Shoog 6th April 2004 07:02 PM

6922 as a CCS, a question ?
 
I am trying to design a simple preamp. I am going to use one half of a 6922 as a CCS. I will be running the tube at B+ of 50V (anode at 0V and cathode at -50V) delivering a constant current of about 7mA. I think I need to hold the grid at about -35V by using a voltage divider. Anyone like confirm that i'am on the right track ???

SY 6th April 2004 09:01 PM

The grid has to be negative with respect to the cathode by a couple of volts. What I'd do is connect the cathode to the -50 rail via a resistor (one of the sim guys can probably suggest a value; if you want to use my method of solder-and-try, start with 390-470 ohms), then connect the grid directly to the -50 rail. The resistor will bias up the cathode by a few volts positive, which in a relative sense accomplishes the same thing. The cathode resistor's degeneration will also stiffen the CCS, a good thing.

cogsncogs 7th April 2004 07:07 AM

7mA
 
Quote:

I will be running the tube at B+ of 50V (anode at 0V and cathode at -50V) delivering a constant current of about 7mA.
Hi

I don't think you can pass 7mA thru a 6DJ8 with only 50V anode to cathode. I ran a few sims and according to the two models I have you need about 165V plate to cahtode with a cathode resistor of about 470 ohms. One model with 50V a-k was about 4mA with a 30 ohm cathode resistor.

Wayne

cogsncogs 7th April 2004 07:17 AM

Hi again

If you paralleled the two sections you can get 7mA barely. 30 ohms with one model, 82 ohms with another.

Wayne :smash:

Shoog 7th April 2004 12:26 PM

As you can probably quess my knowledge of tubes is scant so you will have to bare with me.
I was originally going to use a 7K resistor to apply the 7mA to the cathode. I have used a 6922 with 100V B+ and generated a 7mA current through it and things sound fine. In this configeration the 7ma was generated with a 14K resistor. I am trying to improve the whole circuit by replacing that resistor with a constant current source, unfortunately in doing that I think I am halving my availble voltage over the two halves of the triode, so instead of having 100v availble to the valve, I only have 50V each half. Will I have to accept that if I go down this rought that I will only have the much lower current to play with. My question really is, if I attempt to get this working at either 3ma or 7ma, what potential will I have to hold the grid at, and what resistor wiill generate that potential, assuming that I use a single biasing resistor, referenced to the negative rail.

If I get this right I think a lot of people may be interested in the result.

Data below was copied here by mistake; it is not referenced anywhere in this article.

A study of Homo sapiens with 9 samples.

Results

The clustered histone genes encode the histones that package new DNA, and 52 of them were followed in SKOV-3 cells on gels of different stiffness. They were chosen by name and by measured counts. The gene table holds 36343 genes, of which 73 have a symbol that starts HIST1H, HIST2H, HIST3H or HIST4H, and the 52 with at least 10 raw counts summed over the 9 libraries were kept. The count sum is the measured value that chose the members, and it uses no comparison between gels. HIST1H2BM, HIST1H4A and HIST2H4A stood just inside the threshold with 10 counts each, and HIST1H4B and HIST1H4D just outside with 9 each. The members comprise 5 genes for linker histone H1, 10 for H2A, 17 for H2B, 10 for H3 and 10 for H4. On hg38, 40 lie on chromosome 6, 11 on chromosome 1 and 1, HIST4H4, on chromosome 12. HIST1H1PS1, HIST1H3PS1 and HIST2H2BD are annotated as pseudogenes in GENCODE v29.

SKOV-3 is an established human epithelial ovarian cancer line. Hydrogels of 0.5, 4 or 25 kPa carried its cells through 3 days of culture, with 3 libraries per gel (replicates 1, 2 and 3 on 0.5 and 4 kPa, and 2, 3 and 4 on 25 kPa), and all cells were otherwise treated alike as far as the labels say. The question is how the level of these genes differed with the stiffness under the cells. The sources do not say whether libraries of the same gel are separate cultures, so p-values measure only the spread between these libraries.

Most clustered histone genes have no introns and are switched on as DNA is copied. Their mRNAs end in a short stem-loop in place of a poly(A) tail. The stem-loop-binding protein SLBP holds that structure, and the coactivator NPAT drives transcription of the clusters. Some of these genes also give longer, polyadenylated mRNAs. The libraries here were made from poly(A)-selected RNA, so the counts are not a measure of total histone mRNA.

Please forgive my ignorance on this, but despite all my internet research I have a very slight grasp on the mechanics of valves.

Shoog

SY 7th April 2004 12:36 PM

I had assumed that you were going to parallel sections. Given Wayne's sim, you'd do well to increase the available voltage, elsewise you're trying to swim upstream. More voltage = higher cathode resistor = better CCS performance.

EC8010 7th April 2004 12:59 PM

The Mullard curves suggest that you can pass 7mA at Va = 50V if you set Vgk to -0.9V. As SY says, insert a cathode resistor of 0.9V/7mA = 129 Ohms. Nearest standard value is 130R.

cogsncogs 7th April 2004 09:04 PM

Hi

Yes, I have to add that the models I have aren't very accurate in the high current region. So experiment with the resistor values.
As Sy said the higher the V a-k and resistor value the better the regulation. There may be other valves that will give you what you need.
You could use a FET (cough). :xeye:

Wayne :)

Shoog 7th April 2004 09:34 PM

I omitted to mention the possably vital information that the CCS is to be at the bottom of a Cascoded pair, and that the line out is at the junction of the two. Hence it functions as a less than unity gain line amp.
I am certain that this will effect the implementation, as none of the example of this use just a cathode resistor. I have seen this done with both a single resistor from the neg rail to the grid and a voltage divider from with one leg to earth. There is then a cathode resistor. I am not certain of the mechanism that this uses, but it is a varient of the grounded cathode amplifier. I am begining to think that in this situation the B+ voltage will not be at 0V.

Again forgive my total ignorance- but I am really trying hard to understand a new field.

Shoog

EC8010 7th April 2004 11:25 PM

Quote:

Originally posted by Shoog
I am begining to think that in this situation the B+ voltage will not be at 0V.
It probably won't be, it will be a few volts positive, and depending on valve choice, even +10V. It won't matter much.